Why the Italian government might give you up to €500 to go on holiday in Italy

A deserted hotel bar in Jesolo, near Venice. Photo: AFP

As Italy seeks to stimulate the economy in the wake of the coronavirus crisis, the Italian government is offering to help lower-income residents take a holiday this year. (This article was updated on June 18th)


Italy on Wednesday June 17th confirmed details of a new "holiday bonus" scheme under which low-income households could receive up to 500 euros ($560) each to help get the country's battered tourism sector back on its feet.
Part of the ambitious 'Relaunch Decree' unveiled in mid-May, the 'holiday bonus' could be worth up to €500 to families who choose to travel in Italy.

It aims to boost Italy's tourism sector, which accounts for 15 percent of the country's jobs and has taken a massive hit from travel restrictions imposed by Italy and other countries during the coronavirus pandemic.


"All sectors have suffered badly during this crisis, but tourism has paid the heaviest price for the consequences of this epidemic," said Italy's Tourism Minister Dario Franceschini as he announced a raft of exceptional stimulus measures for the industry, which also include tax breaks for tourist accommodation, bars and restaurants.

The government said it was setting aside 2.4 billion euros for households earning less than 40,000 euros a year to receive a financial incentive to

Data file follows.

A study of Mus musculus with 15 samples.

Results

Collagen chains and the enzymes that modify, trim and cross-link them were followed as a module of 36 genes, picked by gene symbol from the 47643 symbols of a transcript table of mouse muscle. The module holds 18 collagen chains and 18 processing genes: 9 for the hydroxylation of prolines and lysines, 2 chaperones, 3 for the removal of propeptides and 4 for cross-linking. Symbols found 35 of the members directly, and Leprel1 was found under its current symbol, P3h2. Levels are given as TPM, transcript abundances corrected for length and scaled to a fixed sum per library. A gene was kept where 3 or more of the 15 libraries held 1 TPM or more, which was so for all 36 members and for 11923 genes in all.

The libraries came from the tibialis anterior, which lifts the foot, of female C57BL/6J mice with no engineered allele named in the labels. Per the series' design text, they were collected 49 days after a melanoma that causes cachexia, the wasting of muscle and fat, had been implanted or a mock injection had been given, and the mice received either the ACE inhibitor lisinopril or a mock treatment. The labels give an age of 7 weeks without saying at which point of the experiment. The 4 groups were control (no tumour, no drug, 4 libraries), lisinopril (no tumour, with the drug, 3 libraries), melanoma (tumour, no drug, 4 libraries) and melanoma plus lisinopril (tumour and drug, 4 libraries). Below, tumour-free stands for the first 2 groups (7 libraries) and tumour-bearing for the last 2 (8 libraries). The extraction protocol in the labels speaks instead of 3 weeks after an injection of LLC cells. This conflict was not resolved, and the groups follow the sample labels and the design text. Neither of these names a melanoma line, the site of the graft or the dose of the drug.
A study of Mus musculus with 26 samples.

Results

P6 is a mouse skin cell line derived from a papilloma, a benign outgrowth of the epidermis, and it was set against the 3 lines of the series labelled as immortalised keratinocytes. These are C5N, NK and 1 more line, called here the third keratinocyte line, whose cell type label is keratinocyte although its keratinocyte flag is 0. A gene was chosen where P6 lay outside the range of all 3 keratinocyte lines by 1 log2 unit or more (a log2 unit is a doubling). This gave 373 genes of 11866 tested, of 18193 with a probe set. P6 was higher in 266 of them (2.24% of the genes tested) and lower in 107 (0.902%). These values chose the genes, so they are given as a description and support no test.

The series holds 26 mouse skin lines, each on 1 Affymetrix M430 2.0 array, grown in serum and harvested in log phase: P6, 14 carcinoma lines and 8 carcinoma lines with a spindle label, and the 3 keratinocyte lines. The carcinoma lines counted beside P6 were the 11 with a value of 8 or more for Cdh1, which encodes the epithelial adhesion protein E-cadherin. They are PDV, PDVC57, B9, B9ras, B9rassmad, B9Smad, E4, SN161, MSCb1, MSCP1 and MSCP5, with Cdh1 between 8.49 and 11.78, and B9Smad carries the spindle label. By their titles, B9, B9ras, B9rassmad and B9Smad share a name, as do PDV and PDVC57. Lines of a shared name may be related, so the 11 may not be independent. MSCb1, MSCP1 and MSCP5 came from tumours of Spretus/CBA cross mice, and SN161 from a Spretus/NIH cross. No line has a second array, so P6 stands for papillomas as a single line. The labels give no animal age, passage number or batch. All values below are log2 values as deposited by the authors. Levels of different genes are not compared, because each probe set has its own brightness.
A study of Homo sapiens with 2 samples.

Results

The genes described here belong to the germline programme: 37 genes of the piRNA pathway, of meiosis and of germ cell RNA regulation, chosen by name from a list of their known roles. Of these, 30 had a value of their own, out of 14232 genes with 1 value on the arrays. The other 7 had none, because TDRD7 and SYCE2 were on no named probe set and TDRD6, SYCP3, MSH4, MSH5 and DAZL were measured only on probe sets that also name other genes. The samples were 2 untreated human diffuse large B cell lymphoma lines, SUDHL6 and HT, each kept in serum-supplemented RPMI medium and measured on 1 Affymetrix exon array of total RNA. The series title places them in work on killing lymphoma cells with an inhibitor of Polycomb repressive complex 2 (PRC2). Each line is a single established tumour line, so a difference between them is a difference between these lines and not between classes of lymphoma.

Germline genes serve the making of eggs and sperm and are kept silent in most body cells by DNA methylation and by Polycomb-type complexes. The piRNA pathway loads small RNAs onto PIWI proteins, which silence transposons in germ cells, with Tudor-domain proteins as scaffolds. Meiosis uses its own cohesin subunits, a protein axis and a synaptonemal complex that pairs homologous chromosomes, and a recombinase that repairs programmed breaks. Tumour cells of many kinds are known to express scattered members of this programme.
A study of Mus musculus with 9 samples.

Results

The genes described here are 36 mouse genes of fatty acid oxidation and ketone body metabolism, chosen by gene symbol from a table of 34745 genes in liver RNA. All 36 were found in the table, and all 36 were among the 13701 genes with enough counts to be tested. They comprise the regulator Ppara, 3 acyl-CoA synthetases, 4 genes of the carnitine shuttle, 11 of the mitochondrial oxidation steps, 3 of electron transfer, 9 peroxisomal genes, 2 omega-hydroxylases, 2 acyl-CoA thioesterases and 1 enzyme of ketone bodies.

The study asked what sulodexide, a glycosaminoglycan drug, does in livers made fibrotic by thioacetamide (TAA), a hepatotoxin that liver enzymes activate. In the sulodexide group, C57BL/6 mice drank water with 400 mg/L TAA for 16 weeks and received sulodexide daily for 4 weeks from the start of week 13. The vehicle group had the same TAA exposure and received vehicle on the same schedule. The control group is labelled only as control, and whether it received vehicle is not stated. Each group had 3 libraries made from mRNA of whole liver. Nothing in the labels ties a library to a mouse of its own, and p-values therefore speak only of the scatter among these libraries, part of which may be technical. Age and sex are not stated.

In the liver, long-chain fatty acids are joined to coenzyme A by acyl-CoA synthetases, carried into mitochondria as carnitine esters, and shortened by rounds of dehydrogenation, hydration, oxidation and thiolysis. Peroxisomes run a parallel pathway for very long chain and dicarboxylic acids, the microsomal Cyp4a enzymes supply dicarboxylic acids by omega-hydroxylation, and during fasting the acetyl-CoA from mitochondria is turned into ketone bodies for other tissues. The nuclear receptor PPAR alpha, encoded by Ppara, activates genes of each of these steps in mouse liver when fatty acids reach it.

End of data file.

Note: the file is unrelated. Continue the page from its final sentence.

holiday in Italy rather than go abroad.


Who can claim the 'holiday bonus'?

There are two conditions:

1) It's for residents, not overseas visitors: you must pay taxes in Italy, since part of the bonus takes the form of a tax deduction. (If you live outside Italy and would like to know when you might be allowed to visit, you'll find our latest information here.)

2) It's for lower-income households: your combined income, as calculated on your ISEE or 'Equivalent Economic Situation Indicator', should total no more than €40,000 per year.

Families, couples and individuals can all apply for the bonus. If you're applying as a couple or family it will only be paid per household, not per person.

READ ALSO: 'Without tourists, Venice is a dead city': Not all Venetians are glad the crowds have gone

Photo: Marco Sabadin/AFP


How much is it worth?

The government says it will pay €150 to people travelling on their own, €300 for two people and €500 for families of three or more.

How is it paid?

The bonus will be paid out in two ways: 80 percent of the cost will be shouldered upfront by your hotel, B&B, agriturismo or other accommodation and should be discounted directly from your bill. You should plan to stay in one spot, because you'll only be able to claim the bonus from a single place of accommodation.

Accommodation owners will then claim the money back from the government in the form of a tax credit. They'll need to make a note of your personal codice fiscale (tax code) and issue a complete bill or receipt.


The decree states that payment must be made directly by the guest or via a travel agent, but not through any other kind of portal or intermediary – which means that stays in AirBnBs, which are booked on the company's own platform, are not eligible for the bonus.

It's up to guests to claim the remaining 20 percent of the bonus, which can be deducted from your tax bill for the 2020 financial year.

When can you travel?

The bonus can be paid on trips taken between July 1st and December 31st 2020.

Italy started allowing tourism from the EU and from Schengen countries again on June 3rd.
No date has been confirmed yet for non-EU travel to restart, but this is not expected to be until after June 30th.